We’ve all filled out those fields on forms - First name, Last name, Address, Gender - without thinking about the information.
Imagine what it is like not to be able to put the right information down. It’s like you’re a Cat, and the options are Dog and Penguin - there is not only no option to identify as yourself, the two options you’re given don’t reflect you at all.
Gender is a social construct (see The Other Sociologist for a good basic explanation), that we are socialized in from birth (or before) and exists separate to our biology. If you still identify as the gender you were assigned at birth, you are Cis-gendered. The opposite is Trans- where you no longer identify with the gender you were assigned at birth.
Some people remain in the gender binary (man or woman) without ever having to think about it, other people decide to change their gender, either across the gender binary, or reject the gender binary all together.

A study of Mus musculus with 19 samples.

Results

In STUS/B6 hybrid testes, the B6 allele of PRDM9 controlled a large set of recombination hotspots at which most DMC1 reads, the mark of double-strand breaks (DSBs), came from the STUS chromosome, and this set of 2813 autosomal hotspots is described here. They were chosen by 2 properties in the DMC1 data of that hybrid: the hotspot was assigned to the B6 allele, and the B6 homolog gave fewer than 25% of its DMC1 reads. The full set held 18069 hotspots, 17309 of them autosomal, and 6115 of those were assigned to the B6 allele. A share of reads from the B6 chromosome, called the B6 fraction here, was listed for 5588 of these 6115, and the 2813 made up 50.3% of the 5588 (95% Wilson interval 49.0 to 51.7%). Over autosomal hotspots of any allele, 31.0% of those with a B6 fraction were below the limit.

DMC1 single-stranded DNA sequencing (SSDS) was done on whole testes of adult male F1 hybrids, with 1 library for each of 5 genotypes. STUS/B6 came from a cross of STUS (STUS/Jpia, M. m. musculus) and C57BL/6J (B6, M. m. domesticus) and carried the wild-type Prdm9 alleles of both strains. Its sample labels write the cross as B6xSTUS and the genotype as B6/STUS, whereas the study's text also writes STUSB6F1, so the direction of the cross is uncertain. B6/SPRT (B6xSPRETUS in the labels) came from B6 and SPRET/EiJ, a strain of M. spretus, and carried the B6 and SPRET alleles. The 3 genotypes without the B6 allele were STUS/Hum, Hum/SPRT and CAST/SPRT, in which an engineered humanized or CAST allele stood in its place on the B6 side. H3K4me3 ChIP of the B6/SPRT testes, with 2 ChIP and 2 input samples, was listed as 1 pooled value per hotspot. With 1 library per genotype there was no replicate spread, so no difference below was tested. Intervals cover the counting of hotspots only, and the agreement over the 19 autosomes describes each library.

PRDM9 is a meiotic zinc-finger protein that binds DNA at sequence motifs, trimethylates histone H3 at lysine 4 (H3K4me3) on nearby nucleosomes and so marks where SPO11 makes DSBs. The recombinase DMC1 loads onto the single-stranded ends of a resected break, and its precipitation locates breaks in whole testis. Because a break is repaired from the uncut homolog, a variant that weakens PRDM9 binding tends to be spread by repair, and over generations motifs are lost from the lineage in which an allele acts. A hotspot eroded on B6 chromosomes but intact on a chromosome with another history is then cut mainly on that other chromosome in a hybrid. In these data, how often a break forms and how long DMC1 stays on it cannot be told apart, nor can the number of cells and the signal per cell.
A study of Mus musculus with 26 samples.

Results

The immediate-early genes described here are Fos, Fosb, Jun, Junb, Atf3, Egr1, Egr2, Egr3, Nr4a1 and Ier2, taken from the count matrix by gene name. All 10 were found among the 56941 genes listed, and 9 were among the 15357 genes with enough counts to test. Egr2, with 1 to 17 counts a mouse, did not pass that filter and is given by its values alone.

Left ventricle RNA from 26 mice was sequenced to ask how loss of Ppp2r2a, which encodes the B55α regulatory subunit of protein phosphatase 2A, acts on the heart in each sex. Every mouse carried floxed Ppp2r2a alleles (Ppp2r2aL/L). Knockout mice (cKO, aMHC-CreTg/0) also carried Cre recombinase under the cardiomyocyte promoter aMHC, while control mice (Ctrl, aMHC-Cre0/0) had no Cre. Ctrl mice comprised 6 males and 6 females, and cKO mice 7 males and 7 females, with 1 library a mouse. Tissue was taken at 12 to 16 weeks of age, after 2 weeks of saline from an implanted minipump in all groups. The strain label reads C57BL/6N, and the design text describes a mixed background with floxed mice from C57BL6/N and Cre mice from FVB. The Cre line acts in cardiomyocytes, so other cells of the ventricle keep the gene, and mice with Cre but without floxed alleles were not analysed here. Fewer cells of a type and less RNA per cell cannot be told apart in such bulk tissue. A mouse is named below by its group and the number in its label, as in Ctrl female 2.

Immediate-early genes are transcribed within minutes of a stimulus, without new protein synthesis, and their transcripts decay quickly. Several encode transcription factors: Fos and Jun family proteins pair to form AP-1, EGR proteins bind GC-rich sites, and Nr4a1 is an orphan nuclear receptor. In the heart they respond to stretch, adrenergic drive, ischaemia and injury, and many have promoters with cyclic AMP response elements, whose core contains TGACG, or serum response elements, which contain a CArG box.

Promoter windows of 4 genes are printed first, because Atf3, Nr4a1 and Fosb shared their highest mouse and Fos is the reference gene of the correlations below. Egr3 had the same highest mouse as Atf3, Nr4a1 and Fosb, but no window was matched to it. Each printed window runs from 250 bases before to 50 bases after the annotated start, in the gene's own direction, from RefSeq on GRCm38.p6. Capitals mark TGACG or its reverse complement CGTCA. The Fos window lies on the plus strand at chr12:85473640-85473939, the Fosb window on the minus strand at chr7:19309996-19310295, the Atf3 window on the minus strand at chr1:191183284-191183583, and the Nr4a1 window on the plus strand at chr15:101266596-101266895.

When someone makes the small change to include you and your gender, that is a big thing for the gender non-binary customer. The appearance (or not) of a gender option can completely change their engagement with a brand. How many times have you signed up for the coolest hip start-up, and been asked your gender? How many of those gave an option beyond the binary? Imagine what you could do with a cohort of customers who are enthusiastic about your brand, active on social media, and engaged with brands.
These changes that need to be made to be truly inclusive are quite small, but they have a big impact. The percentage of the population which identifies outside of the Gender Binary is growing, some 36% of people under 25’s know someone who identifies as non-binary [see Generation Z report from J. Walter Thompson Intelligence]. This group may be small in number, but if you are on the leading edge and show that you cater to them, they become engaged with your brand.
Gender is a social construct. Based on looking at genitalia at birth (or before) we assign characteristics, purchase toys and clothes, and define acceptable behaviour to a person.
Disclaimer: The statements and opinions expressed in this article are those of the author(s) and do not necessarily reflect the positions of Thoughtworks.